THE BLOG

Time For Britain To Stop Being The 'Fat Man' Of Europe

18/08/2017 15:09

When Theresa May first became Prime Minister, she pledged that she would look after the sick and poor and yet within three weeks, along with her previous advisors, she had slashed David Cameron's evidence-based obesity plan from 37 to 13 pages, cutting out many vital policies. The plan was released during the summer recess, with the hope that it would receive limited publicity, unfortunately for her; the public health community were vocally disappointed.

Furthermore, during the Prime Minister's stripped down Queen's Speech, there was not a single mention given to strengthening the Government's plan to curb childhood obesity - the biggest public health crisis that we face.

As Parliament returns next month, we now call on the Prime Minister to strengthen the weak obesity plan and start saving the lives of those who are socially deprived whilst helping rescue the NHS from bankruptcy.

Action on Sugar is now calling on the Prime Minister to prioritise four main policy areas:

1. Reformulation of sugar, saturated fat and salt in foods and drinks
We now have a government-led Sugar Reduction Programme whereby companies have been asked to remove 20% of sugar in the nine food categories most commonly consumed by children by 2020. However, there are get-out clauses for the food industry and no penalties for not complying. There are no plans to set further sugar reduction targets (assuming that they are achieved by 2020), and these must be reset in two or three years' time. The programme needs to be transparently monitored, and if the industry does not comply, the targets mandated.

Fat is a bigger contributor to calories in the diet than sugar. The government must launch a fat and calorie reduction programme to remove 20% of the calories in food by 2020, focusing on saturated fat (particularly palm oil), as this will have the additional benefit of reducing cholesterol levels as well as overall calories.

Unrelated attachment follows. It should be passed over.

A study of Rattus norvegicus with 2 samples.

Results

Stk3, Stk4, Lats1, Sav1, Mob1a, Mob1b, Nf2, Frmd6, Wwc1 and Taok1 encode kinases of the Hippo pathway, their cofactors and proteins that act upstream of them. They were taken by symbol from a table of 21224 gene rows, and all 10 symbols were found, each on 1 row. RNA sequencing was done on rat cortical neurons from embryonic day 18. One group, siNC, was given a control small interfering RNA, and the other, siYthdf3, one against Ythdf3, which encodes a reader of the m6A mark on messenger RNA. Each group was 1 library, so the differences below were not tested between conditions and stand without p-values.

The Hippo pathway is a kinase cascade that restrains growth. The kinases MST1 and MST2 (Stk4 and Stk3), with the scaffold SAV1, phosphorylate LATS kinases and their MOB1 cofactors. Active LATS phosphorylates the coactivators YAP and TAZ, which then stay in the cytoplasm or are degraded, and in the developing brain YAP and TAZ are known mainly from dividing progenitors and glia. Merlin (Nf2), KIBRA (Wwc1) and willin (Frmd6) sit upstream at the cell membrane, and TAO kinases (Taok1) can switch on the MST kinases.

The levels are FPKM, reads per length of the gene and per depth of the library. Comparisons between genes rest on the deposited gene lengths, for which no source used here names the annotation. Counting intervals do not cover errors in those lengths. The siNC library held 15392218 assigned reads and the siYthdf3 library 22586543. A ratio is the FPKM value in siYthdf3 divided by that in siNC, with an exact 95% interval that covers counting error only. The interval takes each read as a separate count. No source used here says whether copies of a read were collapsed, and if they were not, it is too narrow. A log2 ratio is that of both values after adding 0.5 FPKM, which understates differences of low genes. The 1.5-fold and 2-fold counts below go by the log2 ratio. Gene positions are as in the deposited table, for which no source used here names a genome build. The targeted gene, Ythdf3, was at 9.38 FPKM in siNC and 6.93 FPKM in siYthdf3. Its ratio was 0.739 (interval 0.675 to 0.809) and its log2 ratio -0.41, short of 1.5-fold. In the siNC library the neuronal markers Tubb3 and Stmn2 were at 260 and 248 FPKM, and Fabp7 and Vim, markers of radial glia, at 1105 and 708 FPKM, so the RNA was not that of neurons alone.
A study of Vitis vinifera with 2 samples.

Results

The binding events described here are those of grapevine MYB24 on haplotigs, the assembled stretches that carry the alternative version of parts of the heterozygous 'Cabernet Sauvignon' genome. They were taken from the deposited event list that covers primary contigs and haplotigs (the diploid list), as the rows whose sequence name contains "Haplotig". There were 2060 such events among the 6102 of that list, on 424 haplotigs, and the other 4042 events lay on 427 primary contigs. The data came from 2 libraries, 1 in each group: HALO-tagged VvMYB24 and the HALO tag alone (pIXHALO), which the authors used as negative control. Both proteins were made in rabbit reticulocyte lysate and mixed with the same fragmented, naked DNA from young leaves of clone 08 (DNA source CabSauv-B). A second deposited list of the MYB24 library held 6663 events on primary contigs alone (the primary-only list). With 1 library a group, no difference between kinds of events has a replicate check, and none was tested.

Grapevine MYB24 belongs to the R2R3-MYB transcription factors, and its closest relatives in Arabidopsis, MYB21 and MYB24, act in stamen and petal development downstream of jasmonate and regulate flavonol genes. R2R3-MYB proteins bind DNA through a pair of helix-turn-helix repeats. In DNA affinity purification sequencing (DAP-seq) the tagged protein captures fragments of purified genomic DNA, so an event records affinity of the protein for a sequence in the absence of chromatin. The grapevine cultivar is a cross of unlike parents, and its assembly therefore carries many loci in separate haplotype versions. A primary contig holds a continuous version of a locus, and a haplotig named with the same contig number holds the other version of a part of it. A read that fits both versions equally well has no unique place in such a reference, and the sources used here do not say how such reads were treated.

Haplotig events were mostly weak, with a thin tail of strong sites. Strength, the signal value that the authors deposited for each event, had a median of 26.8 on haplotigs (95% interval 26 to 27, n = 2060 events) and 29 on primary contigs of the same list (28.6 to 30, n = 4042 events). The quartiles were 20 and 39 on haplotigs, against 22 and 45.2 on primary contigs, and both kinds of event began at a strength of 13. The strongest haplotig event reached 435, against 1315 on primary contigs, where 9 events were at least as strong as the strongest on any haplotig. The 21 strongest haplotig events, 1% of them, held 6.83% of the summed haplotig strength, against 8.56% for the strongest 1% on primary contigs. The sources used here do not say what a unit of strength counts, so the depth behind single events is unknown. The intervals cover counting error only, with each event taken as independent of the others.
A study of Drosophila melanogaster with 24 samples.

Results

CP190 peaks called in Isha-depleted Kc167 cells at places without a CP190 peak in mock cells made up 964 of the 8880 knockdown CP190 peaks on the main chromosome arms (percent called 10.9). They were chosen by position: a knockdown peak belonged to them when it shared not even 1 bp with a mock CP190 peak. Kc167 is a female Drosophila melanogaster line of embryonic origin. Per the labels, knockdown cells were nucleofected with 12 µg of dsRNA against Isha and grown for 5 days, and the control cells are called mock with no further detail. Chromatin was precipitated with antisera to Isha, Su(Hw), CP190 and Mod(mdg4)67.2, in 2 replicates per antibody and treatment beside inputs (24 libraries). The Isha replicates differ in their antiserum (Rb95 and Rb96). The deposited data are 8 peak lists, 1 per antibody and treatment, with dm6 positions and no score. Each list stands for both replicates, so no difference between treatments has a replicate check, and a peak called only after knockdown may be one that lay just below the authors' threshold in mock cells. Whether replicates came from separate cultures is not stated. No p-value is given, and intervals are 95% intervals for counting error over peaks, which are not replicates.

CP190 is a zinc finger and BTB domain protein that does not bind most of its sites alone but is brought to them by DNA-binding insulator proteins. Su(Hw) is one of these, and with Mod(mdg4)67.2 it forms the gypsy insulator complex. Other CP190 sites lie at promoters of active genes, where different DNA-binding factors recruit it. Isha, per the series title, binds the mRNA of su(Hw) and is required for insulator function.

The salt reduction programme must also be reinvigorated, with new targets set immediately.

2. Stop marketing and promotions of unhealthy food & drink
The current obesity plan has given the food and drink industry free rein to market and put price promotions on food and drinks high in fat, salt and sugar (HFSS). It is vital that only non-HFSS are allowed to be marketed and promoted to children, including instore price promotions and meal deals. Cigarette advertising is banned in the UK, yet unhealthy food and drinks are now a bigger cause of death and disability.

3. Duty on all sugar-sweetened soft drinks and confectionary
Parliament approved the soft drinks industry levy just before the election and it is now vital that this is fully monitored and enforced. The drinks industry should be strongly encouraged to reformulate all of their drinks. There is concern that those brands, who refuse to reduce sugar in their products, will pass the cost of the levy onto their customers and distribute it evenly across their high and low sugar products. This will create little or no incentive to choose the healthier option. Therefore, it seems only right that at the same time for companies that refuse to reformulate, the sugar levy should escalate over time similar to tobacco. The levy should also be extended to sugary milk-based drinks, which are currently excluded, and also to confectionary, as they are contributors of sugar to the diets of children.

4. Colour-coded front of pack labelling on all food and drink
The obesity plan acknowledged the need for better nutrition labelling. In the meantime, the government must ensure manufacturers adopt the Department of Health recommended colour-coded labelling across food and drinks, which is vital for consumers to make more informed, healthier choices. The criteria should also be reviewed and updated with stricter and clearer criteria for high salt, sugars, saturated fat and calories, ideally separating 'added sugars' from the 'total sugars' Reference Intake, as this includes an allowance for sugars naturally occurring in milk-based products, fruit and vegetables. This labelling must be introduced across all products, and must be publically available on their websites, as well as on packaging or menus for foods and drinks available in restaurants, coffee shops and other out-of-home eateries and catering companies. Ideally this should be mandatory.

This recommendation coincides with new research by Action on Sugar which exposed many perceived 'healthy' cereal brands who have failed to include the colour-coded labelling - despite some products containing high levels of sugar which would equate to a red label.

The Prime Minister has a unique opportunity to fight childhood obesity once and for all, and has the support of Action on Sugar, as well as parents across the UK hoping for a better future for their children.